0802811477I am a man on a mission. I am tracking down all the people who have impacted my life for Christ so that I can thank them. So when Bernice and I were in Vancouver in 2010, we visited with J. I. Packer. He was one of a number of profs who had taught and mentored me when I was at Regent. And I had the privilege of hosting him and Kit (Mrs. Packer) a few times when they visited Malaysia. We wanted to take him out for lunch but he treated us instead. We went to one of his favourite restaurants, The Cheshire Cheese Inn. Kit was out of town and couldn’t join us. I took great pleasure “showing off” Bernice to him and introducing Bernice to a key person in my pilgrimage.

During lunch, Packer let on that his ministry credentials had been removed by his Anglican diocese. I guess that’s what you get for persistently asking your leaders to repent. The issue is a familiar one by now. Packer had taken a stand against the church endorsing and blessing same-sex unions. He saw this as something that was clearly against the teaching of the Bible. He considered the support of homosexual practice heretical. He called his Anglican Diocese to repent of their sinful support of unrepentant homosexual activity. Now they had pulled his ministry credentials.

What struck me when Packer reported about the removal of his ministry credentials was this: Here was a man in his 80s. He had fought many wars for the Lord in his long ministerial career. Surely he deserved to kick back a bit and enjoy this chapter of life. Surely he deserved a break from the wars. Surely he deserved the peace to pursue some of the things he enjoyed. (I knew that he enjoyed reading mystery novels—who-dun-its—and listening to jazz music among other things.) Sure, he could teach a course here and there and maybe pen a book or two. But he needn’t be at the front line taking bullets for the team anymore. But here he was doing precisely that.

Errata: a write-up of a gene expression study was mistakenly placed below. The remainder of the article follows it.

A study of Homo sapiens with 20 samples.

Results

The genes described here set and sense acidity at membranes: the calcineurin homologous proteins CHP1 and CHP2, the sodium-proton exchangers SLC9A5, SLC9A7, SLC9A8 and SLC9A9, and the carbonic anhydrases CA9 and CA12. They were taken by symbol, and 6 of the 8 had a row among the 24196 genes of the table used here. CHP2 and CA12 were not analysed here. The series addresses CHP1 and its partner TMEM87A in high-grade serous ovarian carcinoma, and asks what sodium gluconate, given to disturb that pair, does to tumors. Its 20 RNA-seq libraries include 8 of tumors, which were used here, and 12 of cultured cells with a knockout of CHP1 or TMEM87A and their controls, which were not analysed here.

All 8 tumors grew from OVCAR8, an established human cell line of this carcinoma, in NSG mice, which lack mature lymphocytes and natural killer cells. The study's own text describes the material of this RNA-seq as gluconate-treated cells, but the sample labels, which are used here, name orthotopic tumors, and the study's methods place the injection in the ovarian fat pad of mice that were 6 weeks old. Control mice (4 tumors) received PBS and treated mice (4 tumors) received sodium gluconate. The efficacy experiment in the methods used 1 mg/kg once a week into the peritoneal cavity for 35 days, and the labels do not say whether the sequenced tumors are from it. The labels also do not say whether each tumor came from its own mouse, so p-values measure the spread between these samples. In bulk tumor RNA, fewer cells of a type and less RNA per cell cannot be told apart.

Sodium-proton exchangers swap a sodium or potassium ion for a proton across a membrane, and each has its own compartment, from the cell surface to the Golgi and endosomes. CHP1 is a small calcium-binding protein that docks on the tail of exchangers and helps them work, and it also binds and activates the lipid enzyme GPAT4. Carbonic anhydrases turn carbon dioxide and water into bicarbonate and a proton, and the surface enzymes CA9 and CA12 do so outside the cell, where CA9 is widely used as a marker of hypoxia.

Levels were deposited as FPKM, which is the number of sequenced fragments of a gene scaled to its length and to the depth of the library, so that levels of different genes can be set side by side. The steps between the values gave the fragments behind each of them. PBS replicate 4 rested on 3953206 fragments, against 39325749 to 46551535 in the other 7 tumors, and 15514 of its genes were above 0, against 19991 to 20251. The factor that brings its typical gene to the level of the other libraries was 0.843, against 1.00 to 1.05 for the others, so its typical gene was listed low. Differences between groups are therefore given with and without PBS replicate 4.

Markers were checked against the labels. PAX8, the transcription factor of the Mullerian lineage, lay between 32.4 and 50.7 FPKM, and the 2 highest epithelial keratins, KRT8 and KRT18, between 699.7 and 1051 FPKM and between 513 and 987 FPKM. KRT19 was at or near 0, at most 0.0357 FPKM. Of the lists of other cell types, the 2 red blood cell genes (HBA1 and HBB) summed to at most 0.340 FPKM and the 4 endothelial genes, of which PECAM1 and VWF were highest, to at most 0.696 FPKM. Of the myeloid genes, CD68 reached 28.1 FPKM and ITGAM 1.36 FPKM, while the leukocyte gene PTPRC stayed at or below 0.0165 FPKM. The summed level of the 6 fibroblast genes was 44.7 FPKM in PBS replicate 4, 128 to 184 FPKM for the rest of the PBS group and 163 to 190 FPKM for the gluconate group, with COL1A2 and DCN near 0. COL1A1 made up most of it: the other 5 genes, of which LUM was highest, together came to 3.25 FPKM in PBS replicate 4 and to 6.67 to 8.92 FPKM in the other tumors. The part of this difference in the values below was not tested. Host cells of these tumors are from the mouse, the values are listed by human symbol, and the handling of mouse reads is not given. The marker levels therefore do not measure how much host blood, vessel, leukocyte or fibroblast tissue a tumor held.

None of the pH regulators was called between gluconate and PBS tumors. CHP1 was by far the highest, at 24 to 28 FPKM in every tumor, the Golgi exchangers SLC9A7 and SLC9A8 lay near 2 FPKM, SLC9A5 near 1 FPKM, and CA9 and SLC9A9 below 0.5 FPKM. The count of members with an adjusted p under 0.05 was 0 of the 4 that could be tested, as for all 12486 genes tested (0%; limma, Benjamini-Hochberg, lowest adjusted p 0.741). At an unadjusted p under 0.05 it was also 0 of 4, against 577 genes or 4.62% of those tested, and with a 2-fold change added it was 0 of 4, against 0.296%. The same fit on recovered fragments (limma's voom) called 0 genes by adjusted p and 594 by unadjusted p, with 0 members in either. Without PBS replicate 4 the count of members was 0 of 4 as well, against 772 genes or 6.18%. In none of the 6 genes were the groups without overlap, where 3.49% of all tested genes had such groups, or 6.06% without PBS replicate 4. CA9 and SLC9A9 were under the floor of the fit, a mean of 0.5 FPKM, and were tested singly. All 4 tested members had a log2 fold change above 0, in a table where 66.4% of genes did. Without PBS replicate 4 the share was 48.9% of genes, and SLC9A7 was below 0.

Taking a stand for the truth even when it is unpopular was what Packer did when he wrote his first book, “Fundamentalism” and The Word of God (Grand Rapids, MI: Eerdmans, 1958). He was 32 then. It was a time when evangelicals were caught between an anti-intellectual fundamentalism on one side and a dominant theological liberalism on the other. His book was a robust statement and defence of a biblical view of Scripture. More than 50 years later it is clear that Packer’s first book was a key book that helped define and defend biblical faith. Evangelicalism has much more cred these days. But when “Fundamentalism” and the Word of God first appeared, it was a brave book, written by someone not afraid to speak up for biblical truth even when it was not popular. In his 80s, Packer continues to do the same.

I was thinking of Packer recently because I was getting nervous. I had written an essay that called for Christians in Malaysia to work for political change. That essay had been translated into Malay and was getting wider distribution. Would this get me unnecessary notoriety? And in recent times I had to revisit the issue of a biblical position on homosexuality. This is the hot topic of the day with people passionately holding on to different views, even within the body of Christ. Unlike the Soo Inn of yesteryear, I no longer find myself energised by conflict. Would speaking and writing on this get me into conflict situations? Politics and homosexuality; I had been writing on these hot topics and I was getting nervous. Should I pull back? Should I stick to safer topics? In the midst of my nervousness I remembered Packer, and in remembering I press on.

In 2 Timothy 3:10, Paul writes:

You, however, know all about my teaching, my way of life, my purpose, faith, patience, love, endurance . . . (NIV)

Paul understood that one does not teach by words alone. One teaches by one’s life. Paul wanted to teach Timothy about the cost of discipleship: “… everyone who wants to live a godly life in Christ Jesus will be persecuted …” (2 Timothy 3:12 NIV). Paul instructs through his writings but he teaches through his life: “You, however, know all about my teaching, my way of life, my purpose, faith, patience, love, endurance, persecutions, sufferings—what kinds of things happened to me in Antioch, Iconium and Lystra, the persecutions I endured. Yet the Lord rescued me from all of them.” (2 Timothy 3:10-11 NIV). I was speaking to a group of youth workers recently. I told them that the primary way to teach the young about how to live the Christ-life is to show them. Of course we need to instruct, but people remember our lives.

After Packer told us that his ministry credentials had been removed by his own diocese, he said, with a twinkle in his eye, that another Anglican province had approved his ministry credentials the very next day and his ministry had continued. And all this from a man who was 84 (2010). Lord may I have half that fire when I am that age.